The big soldier sat down beside me. He was tall and muscular, with a grim face to make him seem all the more menacing. However, it was his eyes that showed just how tired he was. The other soldiers passed time talking about the mess that the world was. The broken building we were in was great evidence of that.
If they weren’t talking about the apocalypse, they were talking about me. A small girl trapped in all this mess and now they’ve taken me in as their responsibility. I suppose it is only right for them to choose their own mission now their commander is dead. Or commanders, I should say. Not everyone was in the same team.
I must have grown bored or the soldier was speaking so loud, but I soon began listening in on one of the conversations.
“It caught us by surprise, that’s for sure,” he muttered, scratching his moustache. “I was working at the back of the plane with some other guys, doing nothing really important. That is when the alert came in. Red lights and an alarm is more than enough for any of us to get out asses in gear. I was the one nearest to the crate of parachutes, so I had one on just as the missile hit.”
“Didn’t you have any flares?” another soldier asked.
“No flares for a friendly missile,” the moustache murmured. “It was from our side of the dead-zone. It blew off the back of the ship, I was lucky to have not been killed by the explosion or my parachute damaged...but the other guys…”
“No one else make it?”
“Nobody but me and a crate of supplies which had an automatic parachute I set up. I was getting to attaching the others, but bad timing I suppose.”
“What kind of supplies?” the muscular soldier asked, suddenly interested.
“Don’t get excited, big guy,” moustache replied. “I watched that crate drift far away, but I still had tracking on it. When I touched down I only had my side arm, small-calibre, nothing special. I disabled my tracker in my descent so it looked like my heart stopped. If that missile came from friendlies, I didn’t want friendlies finding me. However, those supplies were my first objective. In that crate were weapons, high-calibre rifles, a measure of explosive, a grenade belt or two, MREs, water, you name it.”
There was a whistle from the group, everyone listening now with the talk of such supplies in such dire times.
“I followed the tracker all the way to its landing sight and you know what I found?” moustached asked. “Scavengers and murderers fighting over that crate. Dead-zone lunatics, killing, stabbing, shooting and strangling each other. Every single one of them had their eyes on that crate and they didn’t know if it contained such useful supplies or simply just army uniforms.”
“What did you do?”
“I turned tail, not much I could do against so many and if I hung around too long it would raise my chances of being spotted. What could a small calibre gun at over a hundred metres do against lunatics with rifles?”
There was a murmuring of ‘not much’ amongst the soldiers. I don’t think they were disappointed in the situation, but they were more disappointed in the ending. After so much time in the dead-zone you would think they would grow harder, tougher. However, it seemed it was the soldiers who held onto humanity longer than average people.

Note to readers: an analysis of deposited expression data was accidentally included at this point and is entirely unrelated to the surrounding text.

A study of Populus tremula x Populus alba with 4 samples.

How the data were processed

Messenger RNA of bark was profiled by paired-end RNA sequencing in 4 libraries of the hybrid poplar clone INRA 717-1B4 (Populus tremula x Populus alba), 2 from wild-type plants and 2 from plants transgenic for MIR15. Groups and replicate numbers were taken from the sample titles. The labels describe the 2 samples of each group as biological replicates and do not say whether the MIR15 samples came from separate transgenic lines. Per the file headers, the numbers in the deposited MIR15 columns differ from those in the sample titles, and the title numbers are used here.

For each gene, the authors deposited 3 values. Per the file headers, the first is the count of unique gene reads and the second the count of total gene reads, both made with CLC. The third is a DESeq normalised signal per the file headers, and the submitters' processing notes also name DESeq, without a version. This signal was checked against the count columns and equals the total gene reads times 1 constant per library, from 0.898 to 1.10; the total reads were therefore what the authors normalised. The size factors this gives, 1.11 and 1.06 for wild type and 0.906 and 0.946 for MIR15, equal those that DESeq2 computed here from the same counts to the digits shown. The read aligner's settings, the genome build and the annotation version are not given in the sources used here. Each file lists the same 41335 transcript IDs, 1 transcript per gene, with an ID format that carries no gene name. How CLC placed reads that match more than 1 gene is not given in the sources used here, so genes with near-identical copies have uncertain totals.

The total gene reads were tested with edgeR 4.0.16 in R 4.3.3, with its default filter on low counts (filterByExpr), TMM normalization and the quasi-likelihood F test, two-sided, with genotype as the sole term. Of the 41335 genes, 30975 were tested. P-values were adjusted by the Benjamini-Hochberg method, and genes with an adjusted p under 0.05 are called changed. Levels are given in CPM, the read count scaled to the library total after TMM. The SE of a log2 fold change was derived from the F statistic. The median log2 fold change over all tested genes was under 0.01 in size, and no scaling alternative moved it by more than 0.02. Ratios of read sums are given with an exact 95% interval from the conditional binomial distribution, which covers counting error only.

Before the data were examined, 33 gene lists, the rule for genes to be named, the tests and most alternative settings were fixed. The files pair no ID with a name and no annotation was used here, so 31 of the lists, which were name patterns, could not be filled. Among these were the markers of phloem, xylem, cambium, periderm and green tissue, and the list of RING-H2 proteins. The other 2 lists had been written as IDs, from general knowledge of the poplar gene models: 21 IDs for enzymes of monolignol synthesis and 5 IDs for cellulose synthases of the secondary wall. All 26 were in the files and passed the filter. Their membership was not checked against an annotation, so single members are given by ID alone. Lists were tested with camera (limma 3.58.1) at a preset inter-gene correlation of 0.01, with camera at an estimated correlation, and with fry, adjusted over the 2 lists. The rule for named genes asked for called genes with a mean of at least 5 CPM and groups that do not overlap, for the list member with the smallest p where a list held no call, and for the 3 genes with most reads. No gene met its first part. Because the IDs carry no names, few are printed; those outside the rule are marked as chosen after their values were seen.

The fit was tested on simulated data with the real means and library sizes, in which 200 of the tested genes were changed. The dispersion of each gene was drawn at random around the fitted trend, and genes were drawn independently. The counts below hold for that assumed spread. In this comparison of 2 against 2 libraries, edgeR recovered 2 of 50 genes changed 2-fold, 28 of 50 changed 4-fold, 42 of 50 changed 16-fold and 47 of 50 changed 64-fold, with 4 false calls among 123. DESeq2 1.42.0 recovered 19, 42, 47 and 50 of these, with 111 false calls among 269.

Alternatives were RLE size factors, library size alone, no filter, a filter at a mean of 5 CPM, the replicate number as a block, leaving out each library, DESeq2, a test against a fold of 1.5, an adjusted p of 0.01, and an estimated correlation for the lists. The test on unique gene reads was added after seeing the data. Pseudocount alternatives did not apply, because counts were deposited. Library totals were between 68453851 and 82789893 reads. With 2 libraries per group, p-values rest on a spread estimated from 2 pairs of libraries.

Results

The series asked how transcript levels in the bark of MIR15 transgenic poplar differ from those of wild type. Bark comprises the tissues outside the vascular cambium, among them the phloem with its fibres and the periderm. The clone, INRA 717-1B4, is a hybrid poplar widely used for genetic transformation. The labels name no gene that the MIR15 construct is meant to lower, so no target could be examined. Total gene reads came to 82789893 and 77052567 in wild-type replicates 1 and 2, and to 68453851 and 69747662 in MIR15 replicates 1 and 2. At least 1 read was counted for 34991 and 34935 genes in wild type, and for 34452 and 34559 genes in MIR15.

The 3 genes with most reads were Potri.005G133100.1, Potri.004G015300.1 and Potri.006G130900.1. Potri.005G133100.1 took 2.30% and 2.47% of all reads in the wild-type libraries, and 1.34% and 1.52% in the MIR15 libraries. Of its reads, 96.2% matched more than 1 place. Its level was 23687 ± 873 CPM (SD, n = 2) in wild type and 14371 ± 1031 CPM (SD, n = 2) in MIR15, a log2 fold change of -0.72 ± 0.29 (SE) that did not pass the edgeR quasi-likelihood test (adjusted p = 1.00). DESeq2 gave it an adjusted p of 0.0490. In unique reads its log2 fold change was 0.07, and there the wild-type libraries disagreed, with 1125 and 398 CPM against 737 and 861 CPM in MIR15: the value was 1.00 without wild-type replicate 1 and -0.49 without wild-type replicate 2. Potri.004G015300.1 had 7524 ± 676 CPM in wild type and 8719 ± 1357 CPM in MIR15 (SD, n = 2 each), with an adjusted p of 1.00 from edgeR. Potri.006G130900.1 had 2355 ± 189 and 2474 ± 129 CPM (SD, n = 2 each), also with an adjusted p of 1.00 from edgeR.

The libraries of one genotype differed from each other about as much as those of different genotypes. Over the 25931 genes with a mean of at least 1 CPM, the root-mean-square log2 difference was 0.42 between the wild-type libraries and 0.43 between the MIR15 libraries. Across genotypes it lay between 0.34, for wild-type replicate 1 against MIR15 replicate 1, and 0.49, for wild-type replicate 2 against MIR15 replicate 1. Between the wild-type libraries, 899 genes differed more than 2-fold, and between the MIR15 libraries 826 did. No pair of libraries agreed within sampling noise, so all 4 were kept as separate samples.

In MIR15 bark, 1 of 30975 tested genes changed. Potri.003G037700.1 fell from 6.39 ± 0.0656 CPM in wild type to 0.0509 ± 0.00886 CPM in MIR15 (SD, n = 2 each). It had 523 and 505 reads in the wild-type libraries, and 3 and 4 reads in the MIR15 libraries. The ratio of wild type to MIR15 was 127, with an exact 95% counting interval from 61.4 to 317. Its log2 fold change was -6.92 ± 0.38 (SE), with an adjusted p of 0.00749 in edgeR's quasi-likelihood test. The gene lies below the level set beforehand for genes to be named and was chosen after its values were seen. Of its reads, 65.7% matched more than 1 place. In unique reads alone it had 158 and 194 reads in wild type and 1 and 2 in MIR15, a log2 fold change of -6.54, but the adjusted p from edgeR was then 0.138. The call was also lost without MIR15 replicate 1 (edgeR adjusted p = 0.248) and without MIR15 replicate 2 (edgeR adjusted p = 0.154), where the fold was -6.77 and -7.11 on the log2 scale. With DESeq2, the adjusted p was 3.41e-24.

I knew the kind of lunatics they spoke of. The people who were killing each other for the last sip of water. Clinging onto life became fighting for your life so quickly when this side of the wall turned to hell. People forgot everything in their heart and mind, instincts took over. The rest can be seen everywhere you walk. Skeletons, bodies, looted stores and suspicious eyes.
However, when I stumbled upon a group so big I didn’t grow scared. If anyone can stay together through all this there must be some comradery, some team-work. I could not have been more right when I met this group.
“Girl?” the big man murmured, turning to me. It was as if he read my mind. “What brought you to the dead-zone? I thought nobody was having kids ever since the cataclysm happened.”
“I’m not from the dead-zone,” I replied. “I’m from beyond the wall as well.”
At this everyone looked at each other. The other side of the wall was a perfectly normal world. People going to work, to school, living their lives happy although there is a land of monsters and killers just beyond the concrete wall.
Although, I was never a part of that life. I wasn’t a part of any family.
“I was made in a research lab,” I told them. “The government you know created this apocalypse, I’m sure you’ve guessed that. The monsters are not results of radiation, but experiments like me they released into the dead-zone. However, I’m not a monster, but a guinea pig they hoped to test a new mutagen on. One that would change man into something greater, although all it has done is disfigure them horribly, turning them into monsters before super-humans.”
The more my story went on the more terrified they became.
“I escaped it...the lab, running through those cold halls and avoiding those gloved hands,” I continued. “They can’t track me, they can’t capture me out here. On the other side, they could, but not here. At least, I hope they’re too scared to try.”
“And how do we know this story isn’t just a lie?” one soldier asked, rolling his eyes.
I reached into my pocket, pulling out two syringes and then into my backpack pulling out some documents.
“This is the information on what they are doing,” I replied, showing off the papers which one soldier immediately snatched. “And these are what they were going to inject into me, hoping it would turn me into their super-soldier and not another one of those creatures.”